PHOTO: We chatted with this group of youngsters yesterday and they were happy for us to take this picture. It was a nice Saturday morning in the Mall, and they were hanging out together, having fun. One boy, clearly suspecting that people would think they are up to no good, said: "Are you going to give this photo to the police?" Another said he would look up the story at school on Monday and took the Alice Springs News Online website address. A third boy, when asked where he is from, replied: "Alice Springs. I own it." One boy said, with a big laugh: "My name is Damien Ryan." We've obscured their smiling faces because there was no opportunity of getting formal permission. We're sorry about that, and will be happy to provide the un-redacted picture to the boys.
Down here on the ground in Alice Springs, black children, driven to crime by hunger and fear, are fast becoming enemy number one, or victim number one, depending on who you're talking to.
There's not much public knowledge about just who these kids are, nor how many of them there are.
We have a land, sea, men's, women's and all manner of other councils, but do these kids have a voice?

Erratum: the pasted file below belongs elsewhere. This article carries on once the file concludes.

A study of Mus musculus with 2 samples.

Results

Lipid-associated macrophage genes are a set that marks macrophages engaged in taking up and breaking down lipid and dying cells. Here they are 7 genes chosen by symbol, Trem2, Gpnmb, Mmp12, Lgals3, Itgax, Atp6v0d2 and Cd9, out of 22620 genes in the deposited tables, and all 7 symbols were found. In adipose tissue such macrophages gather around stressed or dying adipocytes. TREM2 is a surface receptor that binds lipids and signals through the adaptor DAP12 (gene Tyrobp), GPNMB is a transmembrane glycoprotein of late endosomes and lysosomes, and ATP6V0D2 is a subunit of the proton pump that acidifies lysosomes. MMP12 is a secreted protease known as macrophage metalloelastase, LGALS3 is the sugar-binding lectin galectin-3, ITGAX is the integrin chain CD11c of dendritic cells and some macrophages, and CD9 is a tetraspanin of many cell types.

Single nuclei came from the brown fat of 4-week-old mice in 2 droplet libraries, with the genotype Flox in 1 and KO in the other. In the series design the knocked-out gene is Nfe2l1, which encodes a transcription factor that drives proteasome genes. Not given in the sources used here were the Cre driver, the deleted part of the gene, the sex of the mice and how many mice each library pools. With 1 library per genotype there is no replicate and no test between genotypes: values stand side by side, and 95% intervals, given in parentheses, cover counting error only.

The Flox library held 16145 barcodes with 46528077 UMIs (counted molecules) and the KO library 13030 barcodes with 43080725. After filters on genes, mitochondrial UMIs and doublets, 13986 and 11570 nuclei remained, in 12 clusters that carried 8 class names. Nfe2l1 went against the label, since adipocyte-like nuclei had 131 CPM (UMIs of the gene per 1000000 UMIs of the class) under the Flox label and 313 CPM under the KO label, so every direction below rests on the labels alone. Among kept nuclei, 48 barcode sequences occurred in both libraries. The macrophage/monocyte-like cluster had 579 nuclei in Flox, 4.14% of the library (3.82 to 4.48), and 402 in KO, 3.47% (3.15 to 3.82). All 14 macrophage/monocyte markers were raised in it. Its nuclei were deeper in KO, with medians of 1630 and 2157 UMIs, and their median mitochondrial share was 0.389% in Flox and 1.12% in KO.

Here's a look at a couple of current initiatives: are they going to make a difference?
The drunks "send in the kids. For the kids it’s excitement,” a burgled restaurant owner explained during the recent town council election campaign, dominated by law and order issues. The loot was a few bottles of spirits. The cost of smashed property was in the thousands.
"We’ve had $1800 worth of damage done here and all they took was bread and cheese," said a candidate seeking re-election.
Meanwhile up there in the stratosphere, the Australian Lawyers for Human Rights (ALHR) are making submission to the Attorney-General’s Department Public Consultation on the Third Optional Protocol to the Convention on the Rights of the Child (CRC), while Canberra will be spending $1.5b, from mid next year, on a new Remote Jobs and Communities Program. ERWIN CHLANDA reports.